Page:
Vienna 1970 (MMachine MM-00-01/02)
Wien Kounselthous, Vienna, Austria – March 9th, 1970
Disc 1 (51:02): We’re Gonna Groove, I Can’t Quit You, Dazed and Confused, Heartbreaker, White Summer / Black Mountain Side
Disc 2 (56:02): Since I’ve Been Loving You, organ solo, Thank You, Moby Dick, How Many More Times
It is remarkable that Led Zeppelin’s short tour of Europe in March 1970 is so well documented. One of the all time best audience recordings originate from the March 7th show in Montreux, and all but one (March 8th in Munich) of the shows in Germany and Austria were recorded.
Two tapes circulate for this show. The first tape to surface came in fragments on Stepmothers (Zeppelin Live Archives ZLA-9314/15), released in 1993, which has has “I Can’t Quit You,” “White Summer / Black Mountain Side” and “How Many More Times” as bonus tracks to what is said to be Birmingham 1971 but is really Newcastle 1972.
Vienna 1970 (Ocean Sound Studio VIENNA 1970-1-2) is the second release of the first tape source and has only “I Can’t Quit You,” “Dazed And Confused,” “Heartbreaker,” “Moby Dick” and “How Many More Times,” and most of the first disc is repeated on the second. The sound is very poor and in general is a horrible production.
In 2002 High Flyin’ Zep(Electric Magic EMC-017A/B) was released and is missing “We’re Gonna Groove,” the organ solo and “Thank You.” That label also tweaked the tape to the point where a metallic whine interfere with the music (a common occurrence with many labels around that time).
MMachine released Vienna 1970 in the summer of 2000 using a new, more complete second source. It was taped a fair distance from the stage, is more muddy than the first tape but is reasonably clear. It also runs at the correct pitch. The virtue though is that it captures the entire set including the missing “We’re Gonna Groove,” organ solo and “Thank You” but is missing the encore “Communication Breakdown.” The label does use some of the first source to fill in some gaps and suffice to say this is the most complete version available on silver of this show.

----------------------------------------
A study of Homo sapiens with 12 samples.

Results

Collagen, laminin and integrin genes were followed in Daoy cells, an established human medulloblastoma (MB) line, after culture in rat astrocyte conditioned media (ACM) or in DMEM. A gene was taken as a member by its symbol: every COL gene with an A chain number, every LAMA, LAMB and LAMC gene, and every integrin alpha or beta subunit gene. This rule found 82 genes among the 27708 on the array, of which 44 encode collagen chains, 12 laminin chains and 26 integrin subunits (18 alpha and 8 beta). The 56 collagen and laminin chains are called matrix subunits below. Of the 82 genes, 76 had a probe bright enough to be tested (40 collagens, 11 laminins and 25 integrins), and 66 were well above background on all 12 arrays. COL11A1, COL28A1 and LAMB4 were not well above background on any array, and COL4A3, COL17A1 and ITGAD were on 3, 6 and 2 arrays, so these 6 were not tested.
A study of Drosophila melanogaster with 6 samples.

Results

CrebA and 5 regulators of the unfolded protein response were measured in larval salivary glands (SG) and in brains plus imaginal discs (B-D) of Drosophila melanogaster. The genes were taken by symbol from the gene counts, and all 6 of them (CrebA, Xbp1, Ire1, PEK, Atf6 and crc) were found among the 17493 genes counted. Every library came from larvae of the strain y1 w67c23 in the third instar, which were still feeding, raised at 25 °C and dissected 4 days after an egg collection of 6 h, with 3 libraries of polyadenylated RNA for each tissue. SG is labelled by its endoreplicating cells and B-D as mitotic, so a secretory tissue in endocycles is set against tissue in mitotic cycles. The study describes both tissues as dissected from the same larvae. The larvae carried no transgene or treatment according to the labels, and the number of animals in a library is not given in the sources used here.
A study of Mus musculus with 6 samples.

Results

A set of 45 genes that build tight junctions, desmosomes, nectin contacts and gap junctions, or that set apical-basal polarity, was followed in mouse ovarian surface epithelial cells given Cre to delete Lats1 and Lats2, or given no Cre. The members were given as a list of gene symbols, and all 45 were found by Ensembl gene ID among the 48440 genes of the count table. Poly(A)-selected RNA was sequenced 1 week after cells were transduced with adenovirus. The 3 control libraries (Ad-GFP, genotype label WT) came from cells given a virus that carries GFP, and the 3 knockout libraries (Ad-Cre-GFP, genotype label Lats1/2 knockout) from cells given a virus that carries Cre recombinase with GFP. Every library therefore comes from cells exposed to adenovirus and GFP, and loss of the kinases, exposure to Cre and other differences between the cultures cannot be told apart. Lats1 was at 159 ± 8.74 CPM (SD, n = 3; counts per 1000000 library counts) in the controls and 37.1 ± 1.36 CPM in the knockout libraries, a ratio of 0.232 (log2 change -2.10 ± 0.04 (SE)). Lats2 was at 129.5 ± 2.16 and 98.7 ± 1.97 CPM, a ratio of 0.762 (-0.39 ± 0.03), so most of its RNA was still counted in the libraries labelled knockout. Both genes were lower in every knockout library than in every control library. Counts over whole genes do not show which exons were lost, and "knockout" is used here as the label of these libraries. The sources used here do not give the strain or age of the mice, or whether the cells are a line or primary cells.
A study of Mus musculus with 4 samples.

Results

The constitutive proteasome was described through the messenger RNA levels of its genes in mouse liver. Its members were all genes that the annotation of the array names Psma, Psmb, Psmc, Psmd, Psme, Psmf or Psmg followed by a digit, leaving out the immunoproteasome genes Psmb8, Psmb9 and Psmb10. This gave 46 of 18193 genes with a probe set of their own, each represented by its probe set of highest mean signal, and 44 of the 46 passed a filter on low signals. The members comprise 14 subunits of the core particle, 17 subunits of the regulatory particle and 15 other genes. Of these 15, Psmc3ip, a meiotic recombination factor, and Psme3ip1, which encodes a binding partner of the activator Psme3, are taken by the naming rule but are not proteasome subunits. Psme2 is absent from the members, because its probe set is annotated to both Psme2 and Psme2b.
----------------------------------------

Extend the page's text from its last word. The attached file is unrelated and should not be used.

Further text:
The common opinion of this show is negative, saying that it is a slow, sloppy and uninspired. While it isn’t close to the intensity of Montreux, it does have it’s charm and share of highlights. The tape starts with Plant greeting the Viennese, saying “you feel alright?” The opening double of “We’re Gonna Groove” and “I Can’t Quit You” would serve as their opener until the first week of the US tour when the second sound would be dropped.
Plant gets into a long discussion about “Dazed & Confused,” saying: “we’d like to continue with a thing from our first LP. It’s called Led Zeppelin One, but it didn’t have the one which really means that we couldn’t find a title for the second one.” It is notable for the malfunction during the violin bow episode in the middle. The echoplex didn’t work and after Page plays around with it for a bit trying to get it to work stops and apologizes to the audience and blames the road manager. The rest of the song continues without a hitch however.
“Heartbreaker” is “something from our second record Led Zeppelin Two.” Like the other shows this has the heavy “Rice Pudding” introduction before the familiar heavy riff. The solo in the middle contains a reference to bouree. “White Summer” is lasts for twelve minutes, and the “Bron-Y-Aur” interlude in the middle sounds vague and dreamy in this recording. “Since I’ve Been Loving You” is first thing that we’ve got together, or the first thing that we got together, to sound better, from Led Zeppelin Three. This is a thing called Since I’ve Been Loving You. Here we go.” The early versions before it was committed to tape for the album sound much lighter, melodic and lyrical compared to the blues bombast of later performances.
The organ solo is a short ninety second prelude to “Thank You,” but would be expanded later on in the year. The sound deteriorates a bit in “Thank You” making it sound much heavier that it probably was already. “What Is And What Should Never Be” normally follows in the set but is dropped this night, as it would be for the second Hamburg show and the last night of the tour in Düsseldorf. The set ends with a twenty-minute version of “How Many More Times.” Page’s guitar improvisation before the heavy Bolero section sounds unusually light, and the medley has the common references to “Boogie Chillun” and “Cumberland Gap.”
The encore has never surfaced on any version of this show. MMachine package this in a double slimline jewel case with period photos. It is definitely a budget release with very little effort gone into packaging, but it is remains the stanard and definitive version of the Vienna show in 1970. Given the sound quality and performance, this is a title recommended for the commited Led Zeppelin collector, one who is willing to wade thorough the mediocre sound to enjoy the concert.